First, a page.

Parents of very premature babies are more worried about their grown up children’s lives than those whose babies were born full term, a new study has found.
Researchers at University of Warwick in UK and University Hospital Bonn in Germany compared the perception of parents whose children were born very preterm with a control group born at term. They also analysed the opinions of their children.
The participants and their parents were asked when they were 13 and then as adults at age 26. In the study 260 individuals born very preterm (at 31 weeks or less) or with very low birth weight (less than 1,500 grammes) were compared to 229 who were born full term.
“Previous work had suggested that the health-related quality of life of preterm born individuals may decrease as they reach adulthood,” said study first author Nicole Baumann, from the University of Warwick.
“However, this study found while quality of life improves for term born adults it remains lower for preterm born participants,” Baumann said.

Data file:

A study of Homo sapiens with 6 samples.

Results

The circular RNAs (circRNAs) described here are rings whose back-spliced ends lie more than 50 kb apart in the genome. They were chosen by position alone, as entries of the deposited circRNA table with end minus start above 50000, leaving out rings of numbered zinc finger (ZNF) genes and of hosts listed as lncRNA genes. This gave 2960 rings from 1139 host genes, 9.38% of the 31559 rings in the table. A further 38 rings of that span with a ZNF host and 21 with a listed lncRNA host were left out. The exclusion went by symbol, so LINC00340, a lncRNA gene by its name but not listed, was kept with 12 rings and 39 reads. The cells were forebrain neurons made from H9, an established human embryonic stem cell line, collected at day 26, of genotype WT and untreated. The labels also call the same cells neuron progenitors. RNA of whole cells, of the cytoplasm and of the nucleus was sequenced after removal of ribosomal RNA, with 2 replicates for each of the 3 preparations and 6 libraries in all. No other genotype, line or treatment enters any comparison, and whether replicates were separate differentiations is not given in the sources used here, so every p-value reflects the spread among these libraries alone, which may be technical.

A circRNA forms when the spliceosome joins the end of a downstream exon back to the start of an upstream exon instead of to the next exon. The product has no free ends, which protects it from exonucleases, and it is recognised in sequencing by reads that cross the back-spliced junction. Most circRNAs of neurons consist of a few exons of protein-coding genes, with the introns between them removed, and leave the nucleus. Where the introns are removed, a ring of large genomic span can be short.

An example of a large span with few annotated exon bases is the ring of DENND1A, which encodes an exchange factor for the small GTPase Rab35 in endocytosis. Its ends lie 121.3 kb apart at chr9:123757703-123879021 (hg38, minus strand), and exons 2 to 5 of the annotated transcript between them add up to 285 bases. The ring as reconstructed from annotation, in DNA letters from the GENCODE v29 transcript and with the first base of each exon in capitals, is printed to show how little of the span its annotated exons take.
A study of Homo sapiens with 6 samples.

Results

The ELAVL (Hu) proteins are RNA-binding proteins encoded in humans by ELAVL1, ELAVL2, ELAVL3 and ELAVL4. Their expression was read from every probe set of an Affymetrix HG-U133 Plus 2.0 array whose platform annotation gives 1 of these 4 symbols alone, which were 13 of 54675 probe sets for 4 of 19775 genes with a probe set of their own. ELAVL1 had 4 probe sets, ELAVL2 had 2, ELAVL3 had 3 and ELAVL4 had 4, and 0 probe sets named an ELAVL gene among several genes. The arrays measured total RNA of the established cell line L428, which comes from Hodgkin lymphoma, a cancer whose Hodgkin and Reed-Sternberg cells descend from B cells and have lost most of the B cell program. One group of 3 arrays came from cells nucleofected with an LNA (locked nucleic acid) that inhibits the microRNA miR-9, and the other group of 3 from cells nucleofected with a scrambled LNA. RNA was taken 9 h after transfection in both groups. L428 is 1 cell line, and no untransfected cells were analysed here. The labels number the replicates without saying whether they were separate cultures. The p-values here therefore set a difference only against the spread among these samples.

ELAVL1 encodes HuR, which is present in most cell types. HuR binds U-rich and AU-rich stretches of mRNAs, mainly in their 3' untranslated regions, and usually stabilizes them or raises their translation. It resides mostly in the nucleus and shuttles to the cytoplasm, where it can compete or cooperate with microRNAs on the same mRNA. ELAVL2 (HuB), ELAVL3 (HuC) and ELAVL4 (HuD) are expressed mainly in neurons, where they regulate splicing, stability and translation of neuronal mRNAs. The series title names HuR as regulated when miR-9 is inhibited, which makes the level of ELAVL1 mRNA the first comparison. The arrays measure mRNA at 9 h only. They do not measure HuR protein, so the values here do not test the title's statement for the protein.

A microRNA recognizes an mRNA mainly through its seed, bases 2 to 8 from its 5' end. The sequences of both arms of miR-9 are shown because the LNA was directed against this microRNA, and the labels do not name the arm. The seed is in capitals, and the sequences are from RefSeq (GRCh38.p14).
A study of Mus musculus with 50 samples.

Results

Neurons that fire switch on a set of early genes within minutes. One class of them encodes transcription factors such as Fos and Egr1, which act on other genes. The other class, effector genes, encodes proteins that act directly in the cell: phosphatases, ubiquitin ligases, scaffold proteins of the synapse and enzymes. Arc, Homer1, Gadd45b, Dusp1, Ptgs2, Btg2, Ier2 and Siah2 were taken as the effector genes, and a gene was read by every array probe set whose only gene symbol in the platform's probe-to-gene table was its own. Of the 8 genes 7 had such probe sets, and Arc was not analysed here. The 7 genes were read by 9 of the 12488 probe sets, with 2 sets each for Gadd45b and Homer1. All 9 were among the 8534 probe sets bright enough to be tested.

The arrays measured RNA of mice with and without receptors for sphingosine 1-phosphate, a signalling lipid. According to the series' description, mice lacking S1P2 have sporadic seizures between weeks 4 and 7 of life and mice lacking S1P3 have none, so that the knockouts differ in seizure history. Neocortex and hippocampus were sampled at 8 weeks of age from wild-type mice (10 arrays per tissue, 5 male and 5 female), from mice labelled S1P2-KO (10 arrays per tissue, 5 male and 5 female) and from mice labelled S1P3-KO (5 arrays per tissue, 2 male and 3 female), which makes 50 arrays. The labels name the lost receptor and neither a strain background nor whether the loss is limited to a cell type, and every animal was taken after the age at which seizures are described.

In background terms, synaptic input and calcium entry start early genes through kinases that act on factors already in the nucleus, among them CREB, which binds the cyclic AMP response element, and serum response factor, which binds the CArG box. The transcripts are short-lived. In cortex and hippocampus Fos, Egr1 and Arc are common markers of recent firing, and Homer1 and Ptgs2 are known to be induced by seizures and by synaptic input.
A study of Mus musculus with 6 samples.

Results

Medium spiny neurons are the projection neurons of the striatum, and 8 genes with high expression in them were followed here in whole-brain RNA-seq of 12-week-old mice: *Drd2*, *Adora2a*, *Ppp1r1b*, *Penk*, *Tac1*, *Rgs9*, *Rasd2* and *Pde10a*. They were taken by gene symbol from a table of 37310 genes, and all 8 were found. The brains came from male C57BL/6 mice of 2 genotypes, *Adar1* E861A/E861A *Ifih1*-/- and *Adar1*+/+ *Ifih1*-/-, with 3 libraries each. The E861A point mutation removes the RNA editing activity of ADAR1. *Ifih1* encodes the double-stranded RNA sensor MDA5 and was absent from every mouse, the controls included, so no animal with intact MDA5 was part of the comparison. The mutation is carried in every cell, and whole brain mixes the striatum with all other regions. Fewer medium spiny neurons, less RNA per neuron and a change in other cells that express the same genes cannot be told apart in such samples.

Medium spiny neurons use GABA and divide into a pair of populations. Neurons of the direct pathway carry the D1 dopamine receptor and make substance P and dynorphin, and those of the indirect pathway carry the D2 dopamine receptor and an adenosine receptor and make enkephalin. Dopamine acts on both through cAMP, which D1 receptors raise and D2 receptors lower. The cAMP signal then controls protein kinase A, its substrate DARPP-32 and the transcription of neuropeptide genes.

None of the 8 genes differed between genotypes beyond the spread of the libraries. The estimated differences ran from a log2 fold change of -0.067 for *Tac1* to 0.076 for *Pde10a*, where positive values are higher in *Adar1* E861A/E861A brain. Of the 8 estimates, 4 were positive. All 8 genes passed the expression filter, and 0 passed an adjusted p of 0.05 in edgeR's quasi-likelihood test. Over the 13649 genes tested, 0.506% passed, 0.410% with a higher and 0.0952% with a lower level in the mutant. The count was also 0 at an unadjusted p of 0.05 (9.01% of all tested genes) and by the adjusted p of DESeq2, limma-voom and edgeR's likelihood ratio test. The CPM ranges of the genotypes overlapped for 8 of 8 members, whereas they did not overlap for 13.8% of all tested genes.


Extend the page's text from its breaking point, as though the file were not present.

“Very preterm individuals are at risk for health problems and lower health-related quality of life in childhood,” said Peter Bartmann, researcher at the University Hospital Bonn. The researchers looked at health-related issues such as vision, hearing, speech, emotion, dexterity and pain.
They asked questions relating to these such as ‘are you able to recognise a friend on the other side of the street?’ and ‘are you happy and interested in life?’.
The researchers also found that participants with lower and parent-perceived health-related quality of life had more periods of unemployment, more often received social benefits, had fewer friends and were less likely with a partner.
There is a positive element to the study, researchers said. It indicates that preterm participants do not believe that their health-related quality of life gets worse between age 13 and 26, even though their parents believe the quality does diminish, particularly in pain and emotion. The study was published in the journal Pediatrics.